Senator Tom Cotton, R-AR, introduced the Significant Transnational Criminal Organization Designation Act Tuesday to impose sanctions on drug cartels.

He is joined by Sens. Marsha Blackburn, R-TN, Josh Hawley, R-MO, and Ben Sasse, R-NE. Representative Mike Gallagher, R-WI, introduced companion legislation in the House as well.

“Criminal organizations and drug cartels that terrorize our communities and wage war at our borders ought to be treated just like terrorist groups in the eyes of the U.S. government. This bill would help stop cartel violence by ensuring these groups-and anyone who helps them-face dire consequences for their actions,” said Cotton in Tuesday’s press release.

If passed, the bill would allow the U.S. government to impose immigration, financial, and criminal penalties on transnational criminal organizations. Moreover, it seeks similar actions as a Foreign Terrorist Organization (FTO) designation would such as keeping cartel members and their immediate families from entering the U.S.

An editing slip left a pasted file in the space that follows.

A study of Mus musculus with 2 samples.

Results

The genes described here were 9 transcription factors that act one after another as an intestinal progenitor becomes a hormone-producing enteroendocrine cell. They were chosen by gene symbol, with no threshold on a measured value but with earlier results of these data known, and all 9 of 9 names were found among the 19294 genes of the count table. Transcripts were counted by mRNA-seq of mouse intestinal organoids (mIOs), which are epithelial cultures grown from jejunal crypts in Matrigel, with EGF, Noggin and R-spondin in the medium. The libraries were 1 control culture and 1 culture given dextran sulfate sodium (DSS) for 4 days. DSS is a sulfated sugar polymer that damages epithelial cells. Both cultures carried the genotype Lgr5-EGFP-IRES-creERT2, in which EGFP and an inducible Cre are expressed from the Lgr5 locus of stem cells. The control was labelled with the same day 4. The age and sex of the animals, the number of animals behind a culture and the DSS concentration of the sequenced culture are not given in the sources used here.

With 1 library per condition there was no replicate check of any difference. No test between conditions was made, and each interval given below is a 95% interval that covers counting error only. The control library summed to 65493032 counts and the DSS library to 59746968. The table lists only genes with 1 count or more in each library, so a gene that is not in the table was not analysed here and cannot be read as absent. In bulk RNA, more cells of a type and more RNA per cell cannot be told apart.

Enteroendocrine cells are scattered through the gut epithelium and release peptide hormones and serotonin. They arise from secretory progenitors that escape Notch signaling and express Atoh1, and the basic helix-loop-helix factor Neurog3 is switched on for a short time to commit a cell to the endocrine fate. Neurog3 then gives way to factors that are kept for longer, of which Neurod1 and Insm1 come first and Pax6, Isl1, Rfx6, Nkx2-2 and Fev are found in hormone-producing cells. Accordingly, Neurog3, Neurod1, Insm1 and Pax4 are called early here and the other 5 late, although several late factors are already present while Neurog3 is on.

“Mexican cartels wreak havoc on our border and pose a direct threat to our national security. It’s past time we give the federal government every tool it needs to go after these thugs. From crippling sanctions to visa restrictions, this bill equips the administration to ensure these criminal organizations face severe consequences for their illicit activities,” said Gallagher.

In 2018, The Dark Wire produced “Not in Vein,” a film highlighting the deadly costs of the drug cartels’ trafficking of narcotics into the U.S. Click here to watch the full documentary.

Click here to read the full report.


State officials, CDC investigating monkeypox case in Florida


Late Friday a New York City resident also tested positive for the virus that causes monkeypox, and is the state’s first confirmed case. On Sunday, President Joe Biden made his first public statements about the outbreaks, saying the recent spread of monkeypox in at least 12 countries are “something that everybody should be concerned about.”

Axios reports a person was confirmed positive with the virus in Massachusetts, New York and “roughly a half dozen other cases” are “being monitored by the Centers for Disease Control and Prevention.”